Home World The First Woman in the Arab world to Hold Prime Minister Post

The First Woman in the Arab world to Hold Prime Minister Post

The Tunisian Republic of Tunisia is the northernmost country in Africa. It is a Maghreb country and is bordered by Algeria to the west, Libya to the southeast, and the Mediterranean Sea to the north and east. Its area is almost 165,000 square kilometres, with an estimated population of over 11.5 million. While the capital of Tunisia is Tunis, its currency is Tunisian dinar (TND).

Tunisia was once one of the major players in the Mediterranean as it is at the centre of North Africa, close to vital shipping routes. Realising its strategic importance the Roman, Arabs, Ottoman Turks and French made it their hub. The French colonial rule ended in 1956 and then Habib Bourguiba who was the architect of their independence led to the path of growth and development of the country. 

Tunisia has been prosperous than the others around. Although agriculture is the main source of income yet tourism plays a key role. The country transition as a developing one has been peaceful yet there has always been fear of the growing influence of conservative Islamists. Over the years, there has been tension growing which has led to what people are calling a democratic crisis.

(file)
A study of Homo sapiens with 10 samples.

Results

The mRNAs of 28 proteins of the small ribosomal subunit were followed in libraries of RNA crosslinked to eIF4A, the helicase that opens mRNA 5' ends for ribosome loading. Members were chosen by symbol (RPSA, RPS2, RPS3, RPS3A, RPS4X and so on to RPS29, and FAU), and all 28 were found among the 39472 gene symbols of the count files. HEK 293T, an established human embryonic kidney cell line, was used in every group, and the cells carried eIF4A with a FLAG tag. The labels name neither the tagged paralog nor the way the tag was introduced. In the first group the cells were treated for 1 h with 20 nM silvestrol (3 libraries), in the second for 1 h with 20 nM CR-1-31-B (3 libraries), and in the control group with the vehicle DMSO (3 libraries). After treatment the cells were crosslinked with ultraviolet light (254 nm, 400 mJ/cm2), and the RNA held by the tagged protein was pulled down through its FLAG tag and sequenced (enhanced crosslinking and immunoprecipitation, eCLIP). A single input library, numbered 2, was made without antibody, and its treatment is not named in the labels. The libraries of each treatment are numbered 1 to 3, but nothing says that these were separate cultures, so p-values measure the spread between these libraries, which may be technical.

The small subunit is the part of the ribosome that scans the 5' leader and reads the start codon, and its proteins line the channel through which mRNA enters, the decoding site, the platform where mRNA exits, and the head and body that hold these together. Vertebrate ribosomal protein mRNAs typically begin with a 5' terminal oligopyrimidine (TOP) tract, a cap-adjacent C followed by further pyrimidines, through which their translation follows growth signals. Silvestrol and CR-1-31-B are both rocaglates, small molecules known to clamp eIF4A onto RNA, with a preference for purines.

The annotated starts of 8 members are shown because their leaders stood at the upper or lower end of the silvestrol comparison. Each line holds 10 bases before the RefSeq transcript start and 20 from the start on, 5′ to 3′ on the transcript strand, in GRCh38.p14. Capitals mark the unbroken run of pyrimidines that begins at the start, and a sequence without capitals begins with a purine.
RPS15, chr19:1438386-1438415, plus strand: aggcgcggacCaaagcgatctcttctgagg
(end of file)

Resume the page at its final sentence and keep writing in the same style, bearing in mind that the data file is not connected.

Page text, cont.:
There has been an important change in bringing women on the platform of mainstream government. The significant change comes in the Arab world with Tunisia becoming the first country to appoint a female prime minister. President Kais Saied named Najla Bouden Romdhane for the post and asked to form a government with limited executive clout. During a video call from the president’s office stated that “This is the first time a woman has led a cabinet in Tunisia’s history”. Further, he stated that “To Tunisia and Tunisian women, it is a great honour.”  

Najla Bouden Romdhane is a professor of geophysics at the National School of Engineers in the capital Tunis. In 2011, she was appointed director-general in charge of quality at the Ministry of Higher Education. Although it is a much-needed step towards women empowerment yet the country faces the worst of times with both political and economic crises. Her appointment during such times will make her work not only difficult but also something that will be kept under watch.